By Randy Kindred

Susan Kuborn says her 22 years of competing with Special Olympics Illinois have “changed my life.”

“I don’t think I’d be anywhere if I wasn’t in Special Olympics,” she said.

It’s no surprise, then, that Kuborn enjoys expressing thanks to those who make Special Olympics Illinois programs and competitions possible. The 32 year old from Rockford relishes her role on the Special Olympics Illinois Gratitude Team.

“We thank our donors for donating to Special Olympics Illinois,” Kuborn said. “We get an email list and a phone call list. If they don’t answer our calls, we email them.”

Kuborn made contact recently with Bloomington’s Dean Carr, senior vice president for Bank of America, a corporate sponsor for Special Olympics.

a man and woman posing for a picture

“Susan reached out with a phone call and left a nice voice mail, and followed up with an email,” Carr said. “I was really impressed with her using multiple forms of media for connection, which is something we all do in our daily lives.

“In the business world, people won’t take your phone call unless they know the number. So following up immediately with an email, I got both of them and it just impressed me. I felt I needed to respond to her.”

The connection led Carr to volunteering at this weekend’s Special Olympics Illinois State Basketball Tournament in Bloomington-Normal and introducing himself to Kuborn on Friday at Illinois Wesleyan University's Shirk Center.

“This is a really good reason to come out and volunteer,” Carr said of meeting Kuborn. “It’s really special.”

The two met shortly after Kuborn’s Rockford team posted a first-round victory. She has competed in multiple sports with Special Olympics Illinois, highlighted by participating in USA Games and World Games in 2019 in athletics (track and field).

Gratitude Team members are given seven donors to contact. The goal is to express thanks and, Kuborn said, encourage them to “come sponsor us or come support us at our next tournament.”

How much does she enjoy it?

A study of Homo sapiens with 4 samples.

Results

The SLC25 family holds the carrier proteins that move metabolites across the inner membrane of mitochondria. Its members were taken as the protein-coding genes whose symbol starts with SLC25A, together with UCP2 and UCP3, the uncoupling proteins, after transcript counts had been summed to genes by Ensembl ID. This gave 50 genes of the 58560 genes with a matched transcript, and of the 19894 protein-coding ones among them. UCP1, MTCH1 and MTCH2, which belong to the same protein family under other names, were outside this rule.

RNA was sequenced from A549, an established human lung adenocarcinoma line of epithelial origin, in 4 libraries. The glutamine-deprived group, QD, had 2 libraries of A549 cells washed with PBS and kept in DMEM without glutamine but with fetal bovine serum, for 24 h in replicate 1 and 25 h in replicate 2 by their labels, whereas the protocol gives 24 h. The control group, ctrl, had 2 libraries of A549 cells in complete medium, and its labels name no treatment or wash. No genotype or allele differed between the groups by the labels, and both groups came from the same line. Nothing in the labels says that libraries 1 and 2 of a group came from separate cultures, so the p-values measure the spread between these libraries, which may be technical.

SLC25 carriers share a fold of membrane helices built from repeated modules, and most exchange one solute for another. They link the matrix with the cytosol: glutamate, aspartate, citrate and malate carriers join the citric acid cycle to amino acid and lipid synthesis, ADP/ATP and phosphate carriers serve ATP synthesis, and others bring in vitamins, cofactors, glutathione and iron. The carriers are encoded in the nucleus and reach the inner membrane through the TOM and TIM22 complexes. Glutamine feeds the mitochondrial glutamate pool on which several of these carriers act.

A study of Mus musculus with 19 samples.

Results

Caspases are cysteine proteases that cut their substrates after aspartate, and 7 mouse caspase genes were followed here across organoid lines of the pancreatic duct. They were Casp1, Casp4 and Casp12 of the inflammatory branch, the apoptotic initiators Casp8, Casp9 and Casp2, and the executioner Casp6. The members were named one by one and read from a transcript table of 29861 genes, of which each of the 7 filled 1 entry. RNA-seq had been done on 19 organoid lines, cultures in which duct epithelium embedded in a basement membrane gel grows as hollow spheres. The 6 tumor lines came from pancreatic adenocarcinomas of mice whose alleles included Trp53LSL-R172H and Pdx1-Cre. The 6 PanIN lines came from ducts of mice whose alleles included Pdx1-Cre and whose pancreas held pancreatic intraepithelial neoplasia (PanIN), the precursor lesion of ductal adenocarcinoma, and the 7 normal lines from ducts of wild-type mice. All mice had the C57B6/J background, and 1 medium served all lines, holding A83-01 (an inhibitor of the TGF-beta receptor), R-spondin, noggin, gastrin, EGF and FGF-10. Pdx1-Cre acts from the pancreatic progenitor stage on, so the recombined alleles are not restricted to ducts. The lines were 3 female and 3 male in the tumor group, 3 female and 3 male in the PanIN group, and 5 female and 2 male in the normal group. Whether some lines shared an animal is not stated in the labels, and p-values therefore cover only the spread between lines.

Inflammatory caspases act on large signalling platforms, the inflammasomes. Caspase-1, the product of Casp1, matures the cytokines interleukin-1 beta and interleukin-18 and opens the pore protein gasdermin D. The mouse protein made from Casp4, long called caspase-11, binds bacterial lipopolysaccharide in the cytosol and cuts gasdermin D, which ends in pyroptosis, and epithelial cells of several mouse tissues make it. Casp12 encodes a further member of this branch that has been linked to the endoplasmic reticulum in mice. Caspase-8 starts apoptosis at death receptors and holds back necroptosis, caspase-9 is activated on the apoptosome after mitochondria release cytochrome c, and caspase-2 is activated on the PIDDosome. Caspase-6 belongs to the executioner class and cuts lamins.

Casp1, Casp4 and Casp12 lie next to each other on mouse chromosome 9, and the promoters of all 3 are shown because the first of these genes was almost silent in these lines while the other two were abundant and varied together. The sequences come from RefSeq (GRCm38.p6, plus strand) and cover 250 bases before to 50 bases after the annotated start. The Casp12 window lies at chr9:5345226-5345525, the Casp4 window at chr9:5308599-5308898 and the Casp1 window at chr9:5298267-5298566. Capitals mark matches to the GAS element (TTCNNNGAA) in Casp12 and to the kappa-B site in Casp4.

“If one of our team members can’t do theirs, I will email and say, ‘Hey, I’m done with mine. I can pick up whoever needs help,’” she said.

Not every attempt to reach out goes smoothly. Kuborn expresses her gratitude anyway.

“You might get someone who says, ‘Oh, it’s not worth my time.’” she said. “It’s like, ‘All right. I’m sorry. I just wanted to say thank you for what you do.’”

Officially, They Love It

Bruce Reusz of Downers Grove and Jim Cole of Belleville have been sports officials for a combined 89 years. Paired together on Friday, they thoroughly enjoyed officiating at the State Basketball Tournament.

a man and woman posing for a picture

Reusz, 68, is completing his 49th year as an official. He also works grade school, high school and junior college basketball, but said none compares to Special Olympics Illinois.

“The biggest reward for me is this is all volunteer for us,” Reusz said. “Just to see the smiles on the kids’ faces, high-fiving each other and giving each other hugs … that’s more than enough pay.”

Cole, 70, has been a basketball official for more than 30 years and a baseball/softball umpire for 40.

“In high school and college we get paid, but that’s not the primary reason we do it,” Cole said. “If I did it just to get paid, I probably wouldn’t do it. If you don’t enjoy doing this, why are you out there?”

Patriots Strike Gold!

Geri Pasieka formed the Mighty Patriots program from District 102 in LaGrange 15 years ago. This weekend, her team earned a gold medal for the first time at the State Basketball Tournament.

The seventh and eighth graders prevailed in Junior Division 3. When the final buzzer sounded at Illinois State University's Horton Field House, they celebrated jubilantly on the court.

“They just did that,” Pasieka said of the enthusiastic celebration. “They’re an amazing team. I’m so lucky … so lucky that they’re my team.”

She choked up a bit, calling the moment “very special.”

a group of people in a gym

“I said to them, what warmed my heart out of everything was they were giving the other team the ball when they were that many points ahead,” Pasieka said. “They knew they would probably win. I said, ‘That is what we strive for.’ So that was my gold medal.”

Canine Companion

The tournament crowd included a three year old named Cooper, a service dog for competitor Leslie Cichocki of Lincoln-Way.

a dog with a plant in its mouth

Cichocki is a versatile athlete best known for swimming. She represented the United States in the 2016 Paralympics in Rio, placing seventh in the 100-meter backstroke.

Cooper has become a regular at her competitions, no matter the sport.

“He’s been to swimming pools, he’s been to gyms, he’s been to softball,” said Ed Cichocki, Leslie’s father.

“And bowling alleys,” added her mother, Cheryl.

“He’s multisport,” Ed said.


Learn more about the 2024 State Basketball Tournament here, and view results when they're posted.

Click here to volunteer at an upcoming competition.